Playstation Plus has been getting a lot of good press recently thanks to its run of strong releases, especially ones close to release day. That reputation is continuing to grow with this month’s free offerings – Final Fantasy VII Remake getting a particularly large amount of coverage. Hidden inside FFVII’s shadow however, is a little indie game called Maquette, published by Anna Purna Interactive, the company that brought us recent indie hits What Remains Of Edith Finch and Sayonara Wild Hearts. Anna Purna has been making quite a name for itself over the last few years, and being published by them is starting to be seen as a mark of quality in the indie gaming space. Maquette is relatively unassuming at first – and without knowing the game’s background, it would be easy to imagine that this is a small throw away title just to fill a space after the big money went on Final Fantasy, but sitting down with the game reveals a gem of a title that will wind its little emotional fingers into your heart and open it up to its touching love story.
Maquette is a puzzle game set in a recursive world, much like an Escher painting, wherein you have to manage your awareness of three varying sized environments, each packed inside of the other. In the centre of the world is a maquette, and moving the miniatures inside will cause them to move similarly in the other worlds. You can use this system to eventually change the size and positioning of a wide variety of keys, orbs, stairs and blocks which will help you make progress through the memories of this relationship. The puzzles are pretty tough at times – you have to be keenly aware of what parts of the world can be accessed from the maquette in order to pick up items that have been stashed there, and it has to be said that spatial awareness isn’t exactly my forte (see the number of times I bump my head in a given year). I inevitably found myself scratching my head a few times as I wondered what I was missing.
While the actual gameplay mostly revolves around solving puzzles, the main draw to the game is, in my opinion, the story at its heart. The love story between lead Kenzie and her beau Michael is incredibly delicate and touching, its vignettes a masterclass in creating a tangible relationship out of very few resources. There are no flashy cutscenes, no elaborately crafted set pieces – the story is told purely through a series of audio flashbacks and beautiful symbolic illustrations. You never find out what Kenzie or Michael look like, but you don’t need to – everything you need to know about them is dropped to you in charming little morsels that gradually flesh out their relationship and their lives together. The story has its twists and turns, and then draws to a close after a relatively short three-hour runtime. The music selection is another beautiful addition – a collection of mainly contemporary indie with a calming atmosphere which matches that of the game brilliantly. At other points, the musical will fade away, leaving you alone with your thoughts as you try to put the pieces of the puzzles together.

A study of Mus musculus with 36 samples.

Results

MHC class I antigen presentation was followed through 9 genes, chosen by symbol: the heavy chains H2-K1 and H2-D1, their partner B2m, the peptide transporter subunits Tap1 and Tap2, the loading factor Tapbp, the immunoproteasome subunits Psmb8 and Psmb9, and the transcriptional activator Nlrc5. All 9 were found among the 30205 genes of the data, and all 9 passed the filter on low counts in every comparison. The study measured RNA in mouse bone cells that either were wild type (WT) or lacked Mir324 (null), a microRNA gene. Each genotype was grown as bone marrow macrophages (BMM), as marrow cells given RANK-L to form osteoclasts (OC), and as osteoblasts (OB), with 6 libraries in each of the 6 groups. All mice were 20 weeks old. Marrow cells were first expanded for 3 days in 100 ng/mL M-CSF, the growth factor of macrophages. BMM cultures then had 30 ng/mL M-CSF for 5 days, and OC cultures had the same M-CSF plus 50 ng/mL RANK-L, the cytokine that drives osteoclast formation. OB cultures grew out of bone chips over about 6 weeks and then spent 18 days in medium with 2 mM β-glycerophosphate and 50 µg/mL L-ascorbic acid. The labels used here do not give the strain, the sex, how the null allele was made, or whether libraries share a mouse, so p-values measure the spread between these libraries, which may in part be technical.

Maquette also stands out because of how it intertwines this recursive world mechanic with its story. From the outside looking in, it’s easy to think of this as just a little love story, and that’s exactly what it is, but for the people involved, it feels massive. This is their everything. By switching between miniature and gigantic worlds, you get the feeling that you are switching perspectives on the relationship – the smallest world being that of us or of the Kenzie of the future looking back, but then the giant one showing us how everything felt in the moment. It’s a brilliant way for us to feel connected to Kenzie’s feelings, and one that makes the impact of the story hit that little bit harder than it otherwise might.
As I said earlier on, it’s possible to complete the game in a pretty short amount of time, which I know for some people might put them off the price tag, but I’d have no qualms suggesting that everyone play Maquette even if you have to pay for it. If you think that the price could be a little off-putting for you, I’d urge you to add the game to your collection while it’s available on Playstation Plus for free this month. Maquette is a game that shows just how much indie gaming is pushing the envelope with what it means to be a video game and the stories that we can tell within them, and is, in my book, 2021’s first must-play.